Trucker convoy sues Washington DC for refusing to allow protesters to enter the city

The truckers will reportedly return to Washington DC

Graig Graziosi
Thursday 05 May 2022 13:30 EDT

Related video: People’s Convoy truckers pelted with eggs in California

Some members of the US trucker convoy are taking their fight out of their cabs and into the courtroom.

Sixteen members of the US trucker convoy are reportedly suing Washington DC, claiming their First Amendment rights were violated when DC Metropolitan Police shut down exits leading into the city on the days of their demonstration earlier in the year.

According to the plaintiffs, the city shut down avenues into the city and on four occasions turned convoy participants away from entering the district. They claim the city's justification for shutting down the access points is "unconstitutionally vague on its face because it allows the District unfettered discretion to refuse to grant Plaintiffs access to the District, thereby depriving Plaintiffs of their constitutional rights to travel and free speech."

The convoy was certainly not the first time Washington DC shut down a major entry point into the city, and the district maintains restricted truck routes as standard policy. The shutdowns on those days also impacted all drivers, not just the truck convoy.

The lawsuit goes on to blame two deaths on the police blockades, referencing an incident in March in which a speeding driver lost control of their car and slammed into two other vehicles before bursting into flames. Two died in the accident, but it appears unrelated to the blockades.

The truckers spent weeks camping at Hagerstown Speedway in Maryland, punctuating their downtime with occasional jaunts on I-495, which surrounds Washington DC. During their drives they would often lay on their horns and sometimes box-in and harass DC drivers, sometimes calling them "Antifa”.

The largely liberal DC-area drivers did not take kindly to the truckers taking up space on the already crowded highways around the district, frequently flashing middle fingers at the protesters or mocking them. One man slowed the convoy to a crawl by riding his bicycle at the head of a column of trucks while they traversed a narrow DC street.

The convoy's goals were nebulous at the outset but later somewhat-settled on two main points; ending the US state of emergency established in response to the coronavirus, and "honour" the 13 US troops who died while evacuating people from Afghanistan during the US pullout.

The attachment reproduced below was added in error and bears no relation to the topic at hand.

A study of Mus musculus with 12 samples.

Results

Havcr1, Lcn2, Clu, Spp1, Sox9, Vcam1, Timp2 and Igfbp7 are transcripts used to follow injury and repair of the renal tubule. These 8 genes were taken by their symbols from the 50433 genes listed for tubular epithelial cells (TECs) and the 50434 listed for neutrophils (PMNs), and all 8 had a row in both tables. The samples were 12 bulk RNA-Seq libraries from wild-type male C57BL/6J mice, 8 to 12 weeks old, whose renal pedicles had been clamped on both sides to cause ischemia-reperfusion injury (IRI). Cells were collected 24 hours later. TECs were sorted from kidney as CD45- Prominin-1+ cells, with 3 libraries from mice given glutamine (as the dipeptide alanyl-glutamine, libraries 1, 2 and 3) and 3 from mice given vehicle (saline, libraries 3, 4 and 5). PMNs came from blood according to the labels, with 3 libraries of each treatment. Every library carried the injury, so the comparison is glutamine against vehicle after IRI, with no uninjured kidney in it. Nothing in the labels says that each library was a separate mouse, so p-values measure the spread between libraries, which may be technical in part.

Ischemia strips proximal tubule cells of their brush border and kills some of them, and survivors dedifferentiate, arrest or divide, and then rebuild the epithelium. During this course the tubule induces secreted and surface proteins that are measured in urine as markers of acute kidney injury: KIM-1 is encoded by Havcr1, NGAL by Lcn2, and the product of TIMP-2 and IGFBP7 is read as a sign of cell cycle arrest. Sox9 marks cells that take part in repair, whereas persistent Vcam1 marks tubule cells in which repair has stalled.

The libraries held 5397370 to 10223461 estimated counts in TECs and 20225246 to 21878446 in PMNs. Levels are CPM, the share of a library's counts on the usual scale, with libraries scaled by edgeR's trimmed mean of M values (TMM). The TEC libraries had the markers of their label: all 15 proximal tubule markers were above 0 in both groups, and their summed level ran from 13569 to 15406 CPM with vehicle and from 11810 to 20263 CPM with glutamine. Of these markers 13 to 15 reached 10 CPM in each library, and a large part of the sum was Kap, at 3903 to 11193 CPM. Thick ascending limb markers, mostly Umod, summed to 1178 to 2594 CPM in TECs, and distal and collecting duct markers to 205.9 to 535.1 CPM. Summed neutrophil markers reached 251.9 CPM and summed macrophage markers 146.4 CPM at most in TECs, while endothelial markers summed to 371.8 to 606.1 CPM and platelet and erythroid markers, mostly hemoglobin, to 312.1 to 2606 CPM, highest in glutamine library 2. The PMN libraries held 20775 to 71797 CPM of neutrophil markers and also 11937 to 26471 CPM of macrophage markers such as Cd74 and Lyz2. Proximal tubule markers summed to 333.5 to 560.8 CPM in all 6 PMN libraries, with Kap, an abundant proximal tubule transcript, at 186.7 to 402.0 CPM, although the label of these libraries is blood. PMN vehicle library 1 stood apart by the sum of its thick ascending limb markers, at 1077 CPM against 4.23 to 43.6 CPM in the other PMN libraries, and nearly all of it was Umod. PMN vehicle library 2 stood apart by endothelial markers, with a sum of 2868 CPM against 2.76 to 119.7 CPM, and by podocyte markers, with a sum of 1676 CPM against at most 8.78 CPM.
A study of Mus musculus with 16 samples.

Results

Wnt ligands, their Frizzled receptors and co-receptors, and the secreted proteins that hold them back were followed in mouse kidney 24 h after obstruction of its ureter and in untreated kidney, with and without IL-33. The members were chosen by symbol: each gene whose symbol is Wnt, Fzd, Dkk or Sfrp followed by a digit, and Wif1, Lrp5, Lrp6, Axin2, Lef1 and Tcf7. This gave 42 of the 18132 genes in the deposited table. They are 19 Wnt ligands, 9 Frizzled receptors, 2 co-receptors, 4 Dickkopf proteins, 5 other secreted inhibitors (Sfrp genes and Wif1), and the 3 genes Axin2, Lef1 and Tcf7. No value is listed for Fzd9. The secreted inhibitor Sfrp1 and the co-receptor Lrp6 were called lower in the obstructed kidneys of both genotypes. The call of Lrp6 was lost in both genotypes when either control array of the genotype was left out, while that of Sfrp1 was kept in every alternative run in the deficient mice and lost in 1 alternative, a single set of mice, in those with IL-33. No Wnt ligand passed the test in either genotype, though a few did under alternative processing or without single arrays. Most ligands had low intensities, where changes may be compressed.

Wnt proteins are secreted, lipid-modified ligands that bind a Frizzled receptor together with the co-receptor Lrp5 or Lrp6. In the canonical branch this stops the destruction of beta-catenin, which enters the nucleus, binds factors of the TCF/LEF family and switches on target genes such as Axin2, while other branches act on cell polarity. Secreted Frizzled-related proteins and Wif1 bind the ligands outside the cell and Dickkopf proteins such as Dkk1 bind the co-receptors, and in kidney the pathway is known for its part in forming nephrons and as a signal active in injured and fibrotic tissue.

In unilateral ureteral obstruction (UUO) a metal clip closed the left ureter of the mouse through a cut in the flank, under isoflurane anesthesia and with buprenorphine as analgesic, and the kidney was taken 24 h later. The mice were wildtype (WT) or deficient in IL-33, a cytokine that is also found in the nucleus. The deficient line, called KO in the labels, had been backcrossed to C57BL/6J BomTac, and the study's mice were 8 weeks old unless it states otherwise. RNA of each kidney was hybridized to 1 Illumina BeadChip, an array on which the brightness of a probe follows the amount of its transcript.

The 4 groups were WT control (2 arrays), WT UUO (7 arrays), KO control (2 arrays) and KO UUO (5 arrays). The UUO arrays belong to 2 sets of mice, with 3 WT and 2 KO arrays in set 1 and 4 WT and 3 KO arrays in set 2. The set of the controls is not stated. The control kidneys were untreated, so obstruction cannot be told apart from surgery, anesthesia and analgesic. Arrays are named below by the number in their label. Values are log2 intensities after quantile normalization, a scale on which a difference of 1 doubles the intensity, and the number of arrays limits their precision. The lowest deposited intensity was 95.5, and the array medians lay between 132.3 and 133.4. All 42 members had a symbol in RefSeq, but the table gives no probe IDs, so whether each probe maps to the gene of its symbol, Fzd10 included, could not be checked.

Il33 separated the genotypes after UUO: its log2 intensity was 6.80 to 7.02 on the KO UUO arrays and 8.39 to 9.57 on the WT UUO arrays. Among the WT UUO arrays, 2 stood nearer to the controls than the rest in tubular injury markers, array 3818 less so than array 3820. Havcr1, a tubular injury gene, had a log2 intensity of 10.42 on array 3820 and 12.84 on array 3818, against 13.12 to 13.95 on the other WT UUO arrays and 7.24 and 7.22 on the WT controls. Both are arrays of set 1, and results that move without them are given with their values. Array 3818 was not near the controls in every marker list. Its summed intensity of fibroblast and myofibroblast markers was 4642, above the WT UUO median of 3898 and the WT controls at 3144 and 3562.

Unfortunately for the truckers, the war in Ukraine began just as they were setting out to begin their protest, starving the movement of the oxygen it needed to draw more outraged participants into its ranks.

After weeks of driving around and accomplishing little more than earning a few meet and greets with Republican lawmakers and burning a ludicrous amount of gas, the truckers left DC and headed west.

The convoy participants did not fare much better out west, particularly in Oakland, California, where locals met them with strings of curses and hurled eggs at their cabs. They promptly left the city.

Now it seems the truckers are heading back to DC, this time "with a backbone”.

Convoy leader David Riddell, told members in Olympia, Washington, that they would return to DC and this time they would be taken seriously.

"When we left, you guys [everyone] laughed at us, you made fun of us, you placated us with little—cute little words. You came out and had your little photo-op meetings with us–that’s going to happen no more. We are done listening to your lies," he said. "We bought them for a little bit. We thought you guys actually believed in what we were standing for and we actually believed you were going to do what we asked you to do as our representatives."

Mr Riddell seemed to be both addressing DC residents as well as the handful of Republican lawmakers who gave them an afternoon of attention.

The convoy participants reportedly will once again camp out at the Hagerstown Speedway upon their return to the district.